There is clear evidence of many plant and animal species adapting rapidly to human induced environmental change, but the extent to which this will lead to speciation is very poorly understood. Natural selection can drive the evolution of new ecotypes and species despite gene flow between the diverging populations. The evolution of reproductive isolation and eventual formation of new species may be facilitated by a controversial process called reinforcement. Reinforcement can occur when local adapted populations come into secondary contact producing maladaptive hybrids. Selection then acts to reduce geneflow by increase divergence in reproductive characteristics - accelerating the process of species formation. There are few examples of reinforcement in nature and even less understanding of the genetic architectures that allow reinforcement to take place, but it is a potentially important factor determining the rate at which species can adapt to new conditions and diverge in a rapidly changing world.
In this project, based at the University of Nottingham in close collaboration with Bangor University, the student will combine population genomics and genome assembly with plant ecology and phenotyping in the field to establish the genetic factors that underpin reinforcement. We will identify the genetic basis of local adaptation and flowering time displacement in Anthoxanthum odoratum and investigate genome architectures that facilitate coupling between loci involved in local adaptation and reproductive isolation.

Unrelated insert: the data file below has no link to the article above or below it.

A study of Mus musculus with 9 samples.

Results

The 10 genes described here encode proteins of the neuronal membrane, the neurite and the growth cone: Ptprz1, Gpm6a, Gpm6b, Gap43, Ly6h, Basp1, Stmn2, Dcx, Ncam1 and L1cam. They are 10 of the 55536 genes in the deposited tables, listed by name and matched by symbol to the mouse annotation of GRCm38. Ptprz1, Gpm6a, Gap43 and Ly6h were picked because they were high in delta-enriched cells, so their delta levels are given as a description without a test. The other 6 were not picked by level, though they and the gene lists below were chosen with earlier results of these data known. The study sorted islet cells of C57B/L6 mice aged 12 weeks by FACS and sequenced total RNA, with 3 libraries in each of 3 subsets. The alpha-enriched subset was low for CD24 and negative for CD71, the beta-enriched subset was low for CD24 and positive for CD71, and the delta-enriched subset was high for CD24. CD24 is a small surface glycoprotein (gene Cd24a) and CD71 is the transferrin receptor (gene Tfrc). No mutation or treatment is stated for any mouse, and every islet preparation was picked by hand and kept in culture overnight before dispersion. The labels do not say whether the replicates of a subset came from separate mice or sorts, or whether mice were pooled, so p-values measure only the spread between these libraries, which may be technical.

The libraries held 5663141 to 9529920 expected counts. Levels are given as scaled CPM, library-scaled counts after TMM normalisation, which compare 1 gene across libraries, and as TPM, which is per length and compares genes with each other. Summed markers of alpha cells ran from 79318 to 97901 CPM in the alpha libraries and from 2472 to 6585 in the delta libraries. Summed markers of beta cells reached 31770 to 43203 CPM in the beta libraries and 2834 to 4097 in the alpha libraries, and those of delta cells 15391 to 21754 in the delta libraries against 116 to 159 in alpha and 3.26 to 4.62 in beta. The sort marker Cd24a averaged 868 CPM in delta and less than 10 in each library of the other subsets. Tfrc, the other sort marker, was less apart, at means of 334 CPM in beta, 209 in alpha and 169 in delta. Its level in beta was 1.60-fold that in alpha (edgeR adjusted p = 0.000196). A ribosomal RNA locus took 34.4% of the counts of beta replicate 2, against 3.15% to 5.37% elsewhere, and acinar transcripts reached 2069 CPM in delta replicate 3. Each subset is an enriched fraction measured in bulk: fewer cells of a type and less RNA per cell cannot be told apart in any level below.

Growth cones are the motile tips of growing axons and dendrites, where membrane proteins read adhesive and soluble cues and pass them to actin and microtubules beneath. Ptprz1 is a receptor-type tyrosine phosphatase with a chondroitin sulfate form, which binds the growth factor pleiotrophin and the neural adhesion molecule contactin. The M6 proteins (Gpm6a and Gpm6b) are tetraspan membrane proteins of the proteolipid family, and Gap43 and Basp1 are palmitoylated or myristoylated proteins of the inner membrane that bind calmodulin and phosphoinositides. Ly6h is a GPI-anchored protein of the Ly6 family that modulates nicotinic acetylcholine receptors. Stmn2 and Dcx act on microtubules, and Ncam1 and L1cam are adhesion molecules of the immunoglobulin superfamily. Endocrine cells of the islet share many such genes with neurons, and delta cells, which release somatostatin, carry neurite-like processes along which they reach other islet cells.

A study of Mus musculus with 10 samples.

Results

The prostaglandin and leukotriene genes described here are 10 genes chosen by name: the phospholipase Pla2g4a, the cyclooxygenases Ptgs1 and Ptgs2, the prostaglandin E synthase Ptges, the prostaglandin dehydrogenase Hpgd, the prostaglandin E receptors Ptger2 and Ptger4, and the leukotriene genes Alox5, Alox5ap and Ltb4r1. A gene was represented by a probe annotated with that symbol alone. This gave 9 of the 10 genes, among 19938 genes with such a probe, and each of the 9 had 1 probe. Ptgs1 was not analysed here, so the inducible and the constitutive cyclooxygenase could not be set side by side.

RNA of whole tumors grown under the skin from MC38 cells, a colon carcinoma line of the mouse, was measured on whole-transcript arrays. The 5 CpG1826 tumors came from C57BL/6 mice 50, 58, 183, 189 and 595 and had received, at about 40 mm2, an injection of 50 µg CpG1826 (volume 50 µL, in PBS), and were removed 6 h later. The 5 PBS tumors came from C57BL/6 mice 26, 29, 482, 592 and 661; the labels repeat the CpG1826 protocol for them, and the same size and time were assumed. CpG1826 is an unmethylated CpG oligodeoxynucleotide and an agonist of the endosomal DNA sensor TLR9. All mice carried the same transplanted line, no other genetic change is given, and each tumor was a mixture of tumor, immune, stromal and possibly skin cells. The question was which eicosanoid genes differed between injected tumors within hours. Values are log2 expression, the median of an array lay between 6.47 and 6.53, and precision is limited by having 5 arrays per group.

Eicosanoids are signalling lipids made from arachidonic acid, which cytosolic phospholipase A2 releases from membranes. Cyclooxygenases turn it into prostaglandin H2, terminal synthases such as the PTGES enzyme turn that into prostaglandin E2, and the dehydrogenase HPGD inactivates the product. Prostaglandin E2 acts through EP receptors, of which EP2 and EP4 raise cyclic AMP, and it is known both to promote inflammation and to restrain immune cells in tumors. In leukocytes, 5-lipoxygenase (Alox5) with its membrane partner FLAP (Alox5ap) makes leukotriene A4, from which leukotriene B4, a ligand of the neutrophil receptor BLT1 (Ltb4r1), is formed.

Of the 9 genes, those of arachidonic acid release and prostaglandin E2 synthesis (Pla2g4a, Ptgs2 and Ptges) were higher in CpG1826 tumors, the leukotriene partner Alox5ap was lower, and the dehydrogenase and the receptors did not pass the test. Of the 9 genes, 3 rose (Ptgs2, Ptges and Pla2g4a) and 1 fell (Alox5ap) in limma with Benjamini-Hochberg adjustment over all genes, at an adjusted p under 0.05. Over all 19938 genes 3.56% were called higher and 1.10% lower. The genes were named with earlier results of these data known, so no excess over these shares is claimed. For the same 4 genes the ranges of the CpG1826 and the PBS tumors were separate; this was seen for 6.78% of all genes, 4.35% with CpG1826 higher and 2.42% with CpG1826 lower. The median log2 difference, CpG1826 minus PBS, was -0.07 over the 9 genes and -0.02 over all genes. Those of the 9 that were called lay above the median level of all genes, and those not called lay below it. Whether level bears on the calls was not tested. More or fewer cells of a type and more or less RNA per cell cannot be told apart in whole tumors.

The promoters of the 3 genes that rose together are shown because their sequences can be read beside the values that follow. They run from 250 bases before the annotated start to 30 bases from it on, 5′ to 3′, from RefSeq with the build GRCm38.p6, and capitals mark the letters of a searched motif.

The project offers opportunities for the student to gain experience in ecology, molecular biology, evolutionary genomics, and science communication. The studentship will be based within the Yant Lab, world leader in the use of large-scale genomics, addressing global issues in evolutionary genomics. It offers a dynamic and supportive training environment for young scientists and there will be opportunities for the student to work and train with collaborators in the Molecular Ecology and Evolution Bangor (MEEB) group.
Essential skills are a minimum 2:1 BSc or equivalent in Life Sciences, with good numerate skills and enthusiasm for evolutionary biology and genomics. Desirable skills are a postgraduate degree (e.g. MSc or MRes) and/or contribution to scientific publication, and molecular laboratory experience.